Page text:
The following post is courtesy of the Recruiting Blogswap:
 

I read an article this week that stated the average job search is said to be a whopping 10 months! I guess that extended the last estimate I heard which was around 6-9 months. Seems that now more than ever patience is far more than a virtue—it is a must!

As a job seeker, I encourage you to stay positive while on the hunt to avoid losing belief in your talents as a professional.  Here are four great ways to do just that:

Be Confident About Your Presentation!

It’s extremely important that you feel you’re submitting quality resumes each and every time you apply for a job.  If you don’t feel your resume is up to par, you need to make adjustments—and quickly.  Make sure that each resume is appropriately tailored to each position to prove that you’re right for the job.  If you know you’re giving each submission your all, you can feel better about the effort you’re making.

Mentors Can Open Doors

We all know that networking is important in any job search.  But sometimes, it’s a good idea to dig deeper and find a person in your field that you trust to act as a confidant and mentor.

This person could be a former coworker, professor, friend, or family member whom you trust and who possesses a wealth of knowledge regarding methods that could help you get your foot in the doors of companies when it seems no one is hiring.  They could also help keep you abreast of job opportunities and encourage you along the way.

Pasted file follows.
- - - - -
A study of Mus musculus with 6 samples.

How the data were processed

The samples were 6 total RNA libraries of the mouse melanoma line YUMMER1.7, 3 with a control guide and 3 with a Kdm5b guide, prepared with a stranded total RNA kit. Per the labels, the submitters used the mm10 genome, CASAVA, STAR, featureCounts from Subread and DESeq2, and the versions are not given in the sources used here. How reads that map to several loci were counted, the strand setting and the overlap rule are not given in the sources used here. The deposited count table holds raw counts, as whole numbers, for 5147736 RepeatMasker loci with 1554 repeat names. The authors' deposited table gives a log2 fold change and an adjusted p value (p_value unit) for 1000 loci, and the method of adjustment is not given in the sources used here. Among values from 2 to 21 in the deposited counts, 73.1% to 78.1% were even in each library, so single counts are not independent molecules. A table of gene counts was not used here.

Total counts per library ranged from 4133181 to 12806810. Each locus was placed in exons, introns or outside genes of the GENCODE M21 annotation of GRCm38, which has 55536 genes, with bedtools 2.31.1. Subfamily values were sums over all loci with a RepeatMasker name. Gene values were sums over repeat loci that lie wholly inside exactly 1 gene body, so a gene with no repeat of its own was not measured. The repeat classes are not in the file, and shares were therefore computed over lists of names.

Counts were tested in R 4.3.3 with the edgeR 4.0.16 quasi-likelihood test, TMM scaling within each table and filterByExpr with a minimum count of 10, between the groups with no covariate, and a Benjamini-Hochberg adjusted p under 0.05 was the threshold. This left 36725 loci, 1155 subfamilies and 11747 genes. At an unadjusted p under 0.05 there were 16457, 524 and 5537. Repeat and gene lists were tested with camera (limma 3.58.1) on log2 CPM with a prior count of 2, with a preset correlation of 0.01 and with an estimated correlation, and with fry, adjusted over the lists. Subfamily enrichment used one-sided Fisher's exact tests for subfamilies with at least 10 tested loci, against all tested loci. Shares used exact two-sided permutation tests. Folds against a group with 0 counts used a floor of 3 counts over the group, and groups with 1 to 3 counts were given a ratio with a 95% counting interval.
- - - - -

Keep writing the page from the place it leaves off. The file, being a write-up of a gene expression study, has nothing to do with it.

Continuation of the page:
Avoid Job Search Burnout

The Internet makes it possible for you to search and apply for jobs day and night if you so choose.  But taking this route can leave you exhausted and feeling discouraged, especially if you’re not getting the offers you want.  So make sure you’re taking breaks in your search—and enjoying your life when you’re not searching.

Take a long walk, cook a fun meal, get some exercise, or even volunteer in the spare time you create.  When you return to your search, you’re sure to feel refreshed and ready to start again.

Stay Positive and Try What Works for Others

Another idea is to search for people who have been in your position and now have the jobs they wanted.  There are bound to be stories online of people who were laid off, and after a long search, now have the opportunities they had most hoped for.  Feel encouraged by the lessons they learned and what you can learn from your circumstances.  Then know that your great job will come—just as theirs did.

It may seem impossible to stay encouraged if you’ve been looking for a job for months—or even years—with no luck.  But if you keep a positive attitude and believe this challenging time will soon come to an end, before you know it, you will be shaking the hands of a hiring manager who is now your new boss.

For more great advice follow us on twitter @GreatResume.

Author: Global resume authority Jessica Hernandez of http://www.greatresumesfast.com is a former HR Manager who partners with professional- and executive-level candidates to create authentic, branded resumes and cover letters.
 

Article courtesy of the Recruiting Blogswap, a content exchange service sponsored by CollegeRecruiter.com, a leading site for college students looking for internships and recent graduates searching for entry level jobs and other career opportunities.